Michigan, Wisconsin Return, Alaska Tackles Native Rights
By Stateline Staff
Summer has officially come to an end for Michigan and Wisconsin lawmakers who began their fall legislative sessions this week.
Wisconsin lawmakers returned to Madison Tuesday, and on the first day back the Assembly passed a bill 85-14 that would give school districts the option of refusing to hire, or deciding to fire, convicted felons.
The state's Fair Employment Act prohibits discrimination based on conviction records, although it says an employer can refuse to hire a felon if the individual's offense is substantially related to that particular job.
The hiring and firing of felons became a statewide concern after Mark Moore, 37, a school janitor since 1980, was fired after the Milwaukee Public School District learned he had been convicted of severely burning a child with hot grease. A state agency ordered the school district to rehire Moore as a boiler room worker.
Rep. Antonio Riley (D-Milwaukee) opposed the bill saying that the legislation is too broad, and that it could extend to adulterers, cable television thieves, and those who have fallen behind in their child support payments.
Also approved this week by the state assembly was a bill that would prevent police chiefs, sheriffs and state troopers from imposing quotas on how many traffic tickets officers must issue. But, Transportation Department officials and the Wisconsin Chiefs of Police Association said the bill is a waste of time, because state law enforcement agencies do not use quotas.
The bill's sponsor, Rep. DuWayne Johnsrud, said he introduced the bill so officers will be more concerned about public safety on Wisconsin roads than issuing a certain number of parking tickets in a given amount of time.
The Assembly also passed a bill that would require day care providers for children under age one to be trained in methods to prevent Sudden Infant Death Syndrome.
But Wisconsin's budget for the fiscal year that started July 1 is still being hammered out.
The eight-member Senate and House budget conference committee was expected to begin meeting last week, but members have only met so far on an informal basis. Gov. Tommy Thompson pressured the committee to resume negotiations broken off two months ago.
Wisconsin and Massachusetts are the only states still without budgets well into fiscal year 2000. Massachusetts legislative leaders have provided no clues about when their spending plan will be completed, and road and construction projects throughout the state are on hold.
"I think we can beat Massachusetts (in getting a budget passed)," said Bob Allen, an aide to Senator Brian Burke, who is on the budget committee. "But Massachusetts has the Red Sox."
The Wisconsin legislature will meet until mid-November, and then adjourn until their 2000 session begins in late January.
Michigan lawmakers returned to Lansing Tuesday after a 14-week summer break. On its first day back to work, the House voted to close all public schools the Friday before Labor Day.
The same bill was defeated last June. It is supported by Gov. John Engler and is expected to pass the Republican-controlled Senate, which has already approved a similar bill. The 58-48 vote was split almost entirely along party lines, with only two Democrats voting for the bill.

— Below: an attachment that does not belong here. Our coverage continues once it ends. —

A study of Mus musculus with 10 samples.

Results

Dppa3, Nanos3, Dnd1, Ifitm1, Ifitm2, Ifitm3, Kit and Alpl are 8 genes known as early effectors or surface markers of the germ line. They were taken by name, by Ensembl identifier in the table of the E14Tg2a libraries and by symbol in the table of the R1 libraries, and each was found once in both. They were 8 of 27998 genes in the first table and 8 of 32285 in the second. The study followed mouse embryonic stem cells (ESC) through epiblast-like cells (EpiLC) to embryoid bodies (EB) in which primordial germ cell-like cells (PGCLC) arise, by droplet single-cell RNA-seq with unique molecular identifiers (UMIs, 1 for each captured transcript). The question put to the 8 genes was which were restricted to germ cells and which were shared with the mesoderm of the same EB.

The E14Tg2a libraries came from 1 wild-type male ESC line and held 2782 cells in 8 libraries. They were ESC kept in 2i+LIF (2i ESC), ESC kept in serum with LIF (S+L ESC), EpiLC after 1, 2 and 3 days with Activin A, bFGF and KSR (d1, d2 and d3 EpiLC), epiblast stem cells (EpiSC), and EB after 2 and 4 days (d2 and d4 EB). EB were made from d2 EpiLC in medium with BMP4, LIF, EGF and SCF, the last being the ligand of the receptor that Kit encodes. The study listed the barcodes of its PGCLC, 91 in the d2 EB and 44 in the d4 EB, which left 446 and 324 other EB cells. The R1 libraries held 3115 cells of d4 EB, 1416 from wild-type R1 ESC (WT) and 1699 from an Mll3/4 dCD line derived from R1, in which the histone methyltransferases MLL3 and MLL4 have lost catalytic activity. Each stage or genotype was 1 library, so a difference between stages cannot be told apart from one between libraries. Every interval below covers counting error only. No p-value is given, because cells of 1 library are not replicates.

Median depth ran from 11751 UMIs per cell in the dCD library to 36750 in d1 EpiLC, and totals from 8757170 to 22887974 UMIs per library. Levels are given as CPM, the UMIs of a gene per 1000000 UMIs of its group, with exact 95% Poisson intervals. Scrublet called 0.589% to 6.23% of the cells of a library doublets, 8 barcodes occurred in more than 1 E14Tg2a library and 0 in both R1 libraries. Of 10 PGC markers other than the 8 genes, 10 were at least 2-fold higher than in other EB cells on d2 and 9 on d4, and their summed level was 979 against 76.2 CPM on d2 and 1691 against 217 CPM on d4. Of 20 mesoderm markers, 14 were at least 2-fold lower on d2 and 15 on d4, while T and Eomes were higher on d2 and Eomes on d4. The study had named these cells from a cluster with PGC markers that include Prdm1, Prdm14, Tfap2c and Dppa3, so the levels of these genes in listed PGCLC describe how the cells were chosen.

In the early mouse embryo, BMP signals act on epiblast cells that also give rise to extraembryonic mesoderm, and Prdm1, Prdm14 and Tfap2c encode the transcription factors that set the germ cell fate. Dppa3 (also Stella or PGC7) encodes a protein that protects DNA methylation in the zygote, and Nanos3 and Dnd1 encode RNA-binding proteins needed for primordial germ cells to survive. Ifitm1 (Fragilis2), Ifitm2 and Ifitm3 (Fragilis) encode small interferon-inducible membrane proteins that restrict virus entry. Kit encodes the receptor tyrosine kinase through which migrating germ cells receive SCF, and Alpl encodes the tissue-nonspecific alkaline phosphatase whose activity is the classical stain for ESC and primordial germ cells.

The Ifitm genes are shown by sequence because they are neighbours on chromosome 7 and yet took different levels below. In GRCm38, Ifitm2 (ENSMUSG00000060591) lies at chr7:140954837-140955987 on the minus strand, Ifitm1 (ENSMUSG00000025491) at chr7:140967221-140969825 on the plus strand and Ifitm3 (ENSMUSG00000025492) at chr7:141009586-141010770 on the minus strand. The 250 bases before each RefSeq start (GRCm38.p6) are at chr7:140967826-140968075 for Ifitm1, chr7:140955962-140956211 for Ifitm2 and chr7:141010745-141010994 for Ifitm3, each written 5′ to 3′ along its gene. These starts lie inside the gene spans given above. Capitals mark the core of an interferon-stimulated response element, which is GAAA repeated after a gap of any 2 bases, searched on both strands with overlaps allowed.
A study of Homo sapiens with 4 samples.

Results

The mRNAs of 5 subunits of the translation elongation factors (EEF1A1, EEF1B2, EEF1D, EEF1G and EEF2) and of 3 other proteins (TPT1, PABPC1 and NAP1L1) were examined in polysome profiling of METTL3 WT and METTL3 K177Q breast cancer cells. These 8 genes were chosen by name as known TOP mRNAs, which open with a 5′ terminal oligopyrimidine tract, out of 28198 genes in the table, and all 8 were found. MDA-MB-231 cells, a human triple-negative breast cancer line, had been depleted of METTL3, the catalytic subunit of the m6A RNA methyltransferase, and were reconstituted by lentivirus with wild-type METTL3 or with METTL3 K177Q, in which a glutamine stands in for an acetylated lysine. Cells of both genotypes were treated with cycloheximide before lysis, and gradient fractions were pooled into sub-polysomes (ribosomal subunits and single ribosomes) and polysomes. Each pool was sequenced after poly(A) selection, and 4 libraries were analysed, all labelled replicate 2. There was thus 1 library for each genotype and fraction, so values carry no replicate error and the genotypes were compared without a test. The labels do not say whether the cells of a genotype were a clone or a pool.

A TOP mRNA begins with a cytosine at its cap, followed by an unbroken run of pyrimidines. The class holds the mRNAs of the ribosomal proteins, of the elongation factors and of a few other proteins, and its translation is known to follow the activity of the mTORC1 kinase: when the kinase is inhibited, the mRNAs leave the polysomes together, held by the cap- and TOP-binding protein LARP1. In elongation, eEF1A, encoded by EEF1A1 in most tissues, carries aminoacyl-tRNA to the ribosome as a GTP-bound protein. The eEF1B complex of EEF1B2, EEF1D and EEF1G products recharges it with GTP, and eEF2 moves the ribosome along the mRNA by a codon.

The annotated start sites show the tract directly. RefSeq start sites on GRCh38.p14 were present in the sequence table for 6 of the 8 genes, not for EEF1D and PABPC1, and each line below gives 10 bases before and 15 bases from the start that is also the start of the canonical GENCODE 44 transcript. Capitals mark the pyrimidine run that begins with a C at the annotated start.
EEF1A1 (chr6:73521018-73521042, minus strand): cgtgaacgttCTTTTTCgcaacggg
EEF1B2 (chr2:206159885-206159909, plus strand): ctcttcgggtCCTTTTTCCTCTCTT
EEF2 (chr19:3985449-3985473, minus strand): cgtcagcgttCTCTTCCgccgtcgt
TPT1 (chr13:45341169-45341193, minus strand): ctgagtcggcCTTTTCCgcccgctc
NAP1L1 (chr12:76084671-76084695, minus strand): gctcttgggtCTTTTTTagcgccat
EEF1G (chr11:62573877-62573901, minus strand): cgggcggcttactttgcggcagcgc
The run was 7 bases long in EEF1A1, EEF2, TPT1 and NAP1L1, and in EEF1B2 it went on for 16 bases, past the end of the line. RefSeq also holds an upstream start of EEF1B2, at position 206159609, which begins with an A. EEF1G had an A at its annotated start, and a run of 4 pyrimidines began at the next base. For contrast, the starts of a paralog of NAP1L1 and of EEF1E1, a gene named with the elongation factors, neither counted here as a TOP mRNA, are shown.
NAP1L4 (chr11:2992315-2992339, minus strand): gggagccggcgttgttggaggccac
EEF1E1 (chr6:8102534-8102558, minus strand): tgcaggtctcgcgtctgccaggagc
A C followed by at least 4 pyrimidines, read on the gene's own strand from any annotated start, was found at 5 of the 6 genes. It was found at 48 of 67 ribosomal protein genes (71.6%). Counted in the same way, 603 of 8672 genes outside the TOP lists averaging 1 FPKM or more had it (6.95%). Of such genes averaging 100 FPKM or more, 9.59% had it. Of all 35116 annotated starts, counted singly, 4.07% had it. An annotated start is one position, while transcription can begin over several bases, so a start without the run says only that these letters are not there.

This time around, the bill passed due to pressure from the travel industry, which complained that the early starting of schools deprived the tourist industry of millions of dollars in revenue generated by family vacations. Opponents of the bill argued that local school boards--not the state--should decide when schools open and close.
A bill to crack down on false bomb threats in schools won unanimous approval Wednesday in a state Senate committee. Schools across Michigan received a rash of bomb threats following the massacre at Columbine High School in Littleton, Colo.
The Senate Judiciary Committee said the maximum penalty for making a false bomb threat would be four years in prison and a $2,000 fine. A second threat could mean 10 years behind bars and a $5,000 fine.
The Michigan legislature's fall agenda also includes plans to make it tougher for teachers to go on strike, and a bill that bars Detroit school administrators from joining unions. What is not on the agenda is a tax cut that was rumored in light of the state's $452 million budget surplus.
Alaska Gov. Tony Knowles called the legislature into special session Wednesday in order to vote on a constitutional amendment that would give rural subsistence hunters and fisherman a priority over sport and commercial users when fish and game are limited. The Alaska Constitution, according to a 1989 state Supreme Court decision, doesn't allow that priority.
The issue facing legislators is not a new one--it has been raised for the past 10 regular sessions and four previous special sessions. But, this time around the problem is more pressing because the U.S. government, under a federal court order, says it will take over management of subsistence fishing across federal lands starting Oct. 1 unless the Legislature agrees to put a constitutional amendment on the ballot.
"The day of reckoning is here," Knowles said. "Nothing better distinguishes Alaskans from other Americans than our relationship to the land. And in village Alaska, subsistence from that land is the special bond that defines the very essence of the rural way of life."
Chrisanne Loll of stateline.org contributed to this report.